Published: 15th January 2019

An outrageous jewellery scam has been successfully prosecuted thanks to the efforts of Registered Valuer Graham Price FIRV.

 A Mansfield woman was extorting money from the public by passing off CZ-set silver and base metal rings as platinum and diamonds. On Thursday 10th January  Ka Man Lam, 27, was fined the sum of £3,000 at Nottingham Crown Court and ordered to pay £26,526 in confiscation, which is the financial benefit of her criminality.

 She received the fine for eight counts of unfair commercial practices and seven counts under the Hallmarking Act, involving the advertisement and sale of earrings and rings, which had been mis-described. The jewellery was advertised on eBay through an online platform called Angel Diamonds.

 The scam was originally bought to the attention of Nottinghamshire Trading Standards by the NAJ, via its IRV forum, around 18 months ago. To ascertain that the items were definitely being mis-described on the online shop, a number were purchased by the NAJ, which then passed them to Nottingham-based Graham Price to value.

 “I looked at the site and was horrified,” he explains. “They were purporting to be selling, for instance, a 1.5ct H VS1 diamond set in platinum for £150! They were playing to the ignorance of the consumer; alarm bells were definitely ringing so I contacted Trading Standards. And when I received the good from the NAJ they were unbelievable. The boxes were worth more than the rings!”

 Once Trading Standards learned the truth following Price’s valuation (the items were first sent to Sheffield Assay Office for confirmation of the metals used and the fact that they were also contravening hallmarking laws) they contacted Angel Diamonds. The business owner initially pleaded ‘not-guilty’ and that she was ‘just a distributor’ and was unaware of the passing off. But in view of the evidence against her eventually conceded and changed their plea to guilty.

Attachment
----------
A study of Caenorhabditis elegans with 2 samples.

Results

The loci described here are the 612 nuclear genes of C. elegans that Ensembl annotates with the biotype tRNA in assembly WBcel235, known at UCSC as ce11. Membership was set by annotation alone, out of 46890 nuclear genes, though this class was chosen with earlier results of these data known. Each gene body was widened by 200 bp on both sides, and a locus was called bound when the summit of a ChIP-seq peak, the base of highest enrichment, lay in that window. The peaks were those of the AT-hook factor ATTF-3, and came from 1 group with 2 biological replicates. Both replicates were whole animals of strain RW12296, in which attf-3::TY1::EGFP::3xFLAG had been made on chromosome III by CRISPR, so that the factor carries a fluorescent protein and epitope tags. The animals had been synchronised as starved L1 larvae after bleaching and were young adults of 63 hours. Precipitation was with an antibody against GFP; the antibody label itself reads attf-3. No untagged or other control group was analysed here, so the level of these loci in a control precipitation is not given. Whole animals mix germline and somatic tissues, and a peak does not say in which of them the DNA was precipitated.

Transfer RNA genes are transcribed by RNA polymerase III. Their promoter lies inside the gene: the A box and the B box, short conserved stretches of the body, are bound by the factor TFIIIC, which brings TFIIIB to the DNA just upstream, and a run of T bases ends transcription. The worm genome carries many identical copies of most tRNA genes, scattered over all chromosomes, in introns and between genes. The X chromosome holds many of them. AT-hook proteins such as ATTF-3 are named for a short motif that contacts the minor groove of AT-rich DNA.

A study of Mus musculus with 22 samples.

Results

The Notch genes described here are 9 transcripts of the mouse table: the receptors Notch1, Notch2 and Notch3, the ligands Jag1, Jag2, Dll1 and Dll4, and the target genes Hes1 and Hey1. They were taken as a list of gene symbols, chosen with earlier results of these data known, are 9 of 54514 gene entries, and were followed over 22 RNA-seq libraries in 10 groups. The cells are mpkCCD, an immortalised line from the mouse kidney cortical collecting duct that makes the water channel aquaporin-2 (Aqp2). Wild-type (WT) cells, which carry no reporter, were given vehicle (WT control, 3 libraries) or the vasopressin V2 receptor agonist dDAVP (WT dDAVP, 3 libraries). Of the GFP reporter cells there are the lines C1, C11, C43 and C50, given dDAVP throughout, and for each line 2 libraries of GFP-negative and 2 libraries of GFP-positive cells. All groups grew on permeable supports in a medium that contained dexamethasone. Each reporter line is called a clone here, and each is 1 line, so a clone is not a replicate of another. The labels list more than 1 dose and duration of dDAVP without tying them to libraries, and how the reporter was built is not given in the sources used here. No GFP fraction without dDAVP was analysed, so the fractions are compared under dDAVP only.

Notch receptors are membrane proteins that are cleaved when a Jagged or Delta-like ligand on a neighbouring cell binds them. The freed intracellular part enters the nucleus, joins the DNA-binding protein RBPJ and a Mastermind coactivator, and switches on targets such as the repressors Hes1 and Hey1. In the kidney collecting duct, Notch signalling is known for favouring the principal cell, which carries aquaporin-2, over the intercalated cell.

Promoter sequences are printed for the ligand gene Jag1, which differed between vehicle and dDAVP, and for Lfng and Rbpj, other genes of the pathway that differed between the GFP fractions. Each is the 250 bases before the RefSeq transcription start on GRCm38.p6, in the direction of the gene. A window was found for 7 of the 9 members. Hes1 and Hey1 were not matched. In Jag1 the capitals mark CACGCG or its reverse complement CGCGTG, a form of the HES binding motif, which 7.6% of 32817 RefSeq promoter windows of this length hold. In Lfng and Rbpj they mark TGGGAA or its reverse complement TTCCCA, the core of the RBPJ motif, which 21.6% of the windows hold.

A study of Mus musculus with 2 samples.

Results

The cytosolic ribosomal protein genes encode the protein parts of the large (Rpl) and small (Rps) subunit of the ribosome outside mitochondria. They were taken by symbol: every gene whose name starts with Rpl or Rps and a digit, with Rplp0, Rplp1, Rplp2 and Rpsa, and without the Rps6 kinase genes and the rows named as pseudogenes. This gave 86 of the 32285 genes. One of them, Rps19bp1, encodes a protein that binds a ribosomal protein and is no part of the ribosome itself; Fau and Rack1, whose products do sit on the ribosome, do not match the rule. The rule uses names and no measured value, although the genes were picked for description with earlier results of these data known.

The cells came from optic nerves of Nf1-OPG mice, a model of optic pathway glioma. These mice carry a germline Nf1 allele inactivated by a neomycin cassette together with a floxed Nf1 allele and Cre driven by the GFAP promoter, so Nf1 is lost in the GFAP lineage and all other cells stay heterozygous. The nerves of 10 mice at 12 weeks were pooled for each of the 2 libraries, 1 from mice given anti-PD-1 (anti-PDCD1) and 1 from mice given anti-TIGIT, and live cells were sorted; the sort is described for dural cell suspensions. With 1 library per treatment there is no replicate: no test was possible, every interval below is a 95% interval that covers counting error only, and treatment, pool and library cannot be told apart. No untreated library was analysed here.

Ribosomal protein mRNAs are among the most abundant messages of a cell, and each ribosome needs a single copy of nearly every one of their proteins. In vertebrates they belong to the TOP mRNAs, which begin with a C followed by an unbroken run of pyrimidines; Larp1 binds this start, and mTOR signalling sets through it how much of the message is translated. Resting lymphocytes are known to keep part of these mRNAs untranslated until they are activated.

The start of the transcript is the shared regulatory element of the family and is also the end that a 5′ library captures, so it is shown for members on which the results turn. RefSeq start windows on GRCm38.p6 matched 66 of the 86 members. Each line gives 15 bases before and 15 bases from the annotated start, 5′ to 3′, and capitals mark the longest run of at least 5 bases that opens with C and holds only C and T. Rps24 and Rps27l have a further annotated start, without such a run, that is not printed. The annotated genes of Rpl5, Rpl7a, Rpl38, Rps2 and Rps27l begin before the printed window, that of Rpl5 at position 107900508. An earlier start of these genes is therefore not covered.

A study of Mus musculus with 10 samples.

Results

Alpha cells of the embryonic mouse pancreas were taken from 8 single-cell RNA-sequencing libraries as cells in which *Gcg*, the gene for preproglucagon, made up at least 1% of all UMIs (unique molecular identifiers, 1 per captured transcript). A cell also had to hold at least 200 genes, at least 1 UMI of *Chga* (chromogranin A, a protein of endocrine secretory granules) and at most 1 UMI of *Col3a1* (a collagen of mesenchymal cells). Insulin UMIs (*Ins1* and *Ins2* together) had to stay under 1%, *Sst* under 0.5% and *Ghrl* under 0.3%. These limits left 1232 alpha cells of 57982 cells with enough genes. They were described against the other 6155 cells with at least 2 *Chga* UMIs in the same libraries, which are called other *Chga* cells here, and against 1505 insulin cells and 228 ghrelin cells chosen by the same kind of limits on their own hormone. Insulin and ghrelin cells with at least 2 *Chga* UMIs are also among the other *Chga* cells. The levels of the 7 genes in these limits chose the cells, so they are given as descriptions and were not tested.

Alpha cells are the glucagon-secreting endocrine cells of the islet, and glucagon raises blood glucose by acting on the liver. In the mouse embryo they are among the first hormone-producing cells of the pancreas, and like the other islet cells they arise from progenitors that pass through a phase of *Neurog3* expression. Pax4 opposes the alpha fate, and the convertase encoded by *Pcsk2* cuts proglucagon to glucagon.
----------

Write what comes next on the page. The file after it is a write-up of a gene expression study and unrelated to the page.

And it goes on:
In total over 700 purchases were made – some multiple purchases – with a value that Price estimates to be close to a quarter of a million pounds. The jewellery is manufactured in the Far East.

 Simon Forrester, Chief Executive at the National Association of Jewellers said of the case “We are very pleased to see this sentence being passed down. Consumers must be protected from unscrupulous operators, which is why the NAJ has worked closely with Trading Standards to gather evidence and bring this prosecution.  The National Association of Jewellers is the Primary Authority for UK jewellery sales, maintaining confidence in jewellery bought via NAJ Members. We will continue to champion consumers’ rights alongside our colleagues in Local Authority Trading Standards enforcement.”

 Sheffield Assay Master “I am delighted with this outcome, congratulations to Nottingham Trading Standards. This conviction sends a serious warning out to traders on the internet who are breaking the law and selling articles falsely described and not hallmarked. It also must act as a lesson for purchasers to always ensure that the articles are correctly hallmarked. This is a legal requirement and protects the consumer. I would also ask again for eBay to take some responsibility for this and ensure that items sold on their website are legally compliant and point customers to the Dealers Notice to advise on Hallmarks.”

 Councellor John Handley, vice-chairman of Nottinghamshire County Council’s Communities and Place Comittee said “This is a case where products advertised for sale were not as described, which mislead customers into buying these products. Selling items online was said to be a means of keeping prices down, whereas in reality it meant that people could not physically check items before buying them. Our advice would always be if an item is advertised for sale that seems too good to be true, it usually is.”

Nottingham Trading Standards

This article was originally posted on the National Association of Jeweller’s website here.

The Sheffield Assay Office was established in 1773, under an Act of Parliament and today the company assays and hallmarks the precious metals - silver, gold, platinum and palladium. Sheffield Assay Office is one of only four UK assay offices who all work to uphold the Hallmarking Act of 1973 and continue to ensure consumer protection for customers purchasing precious metals.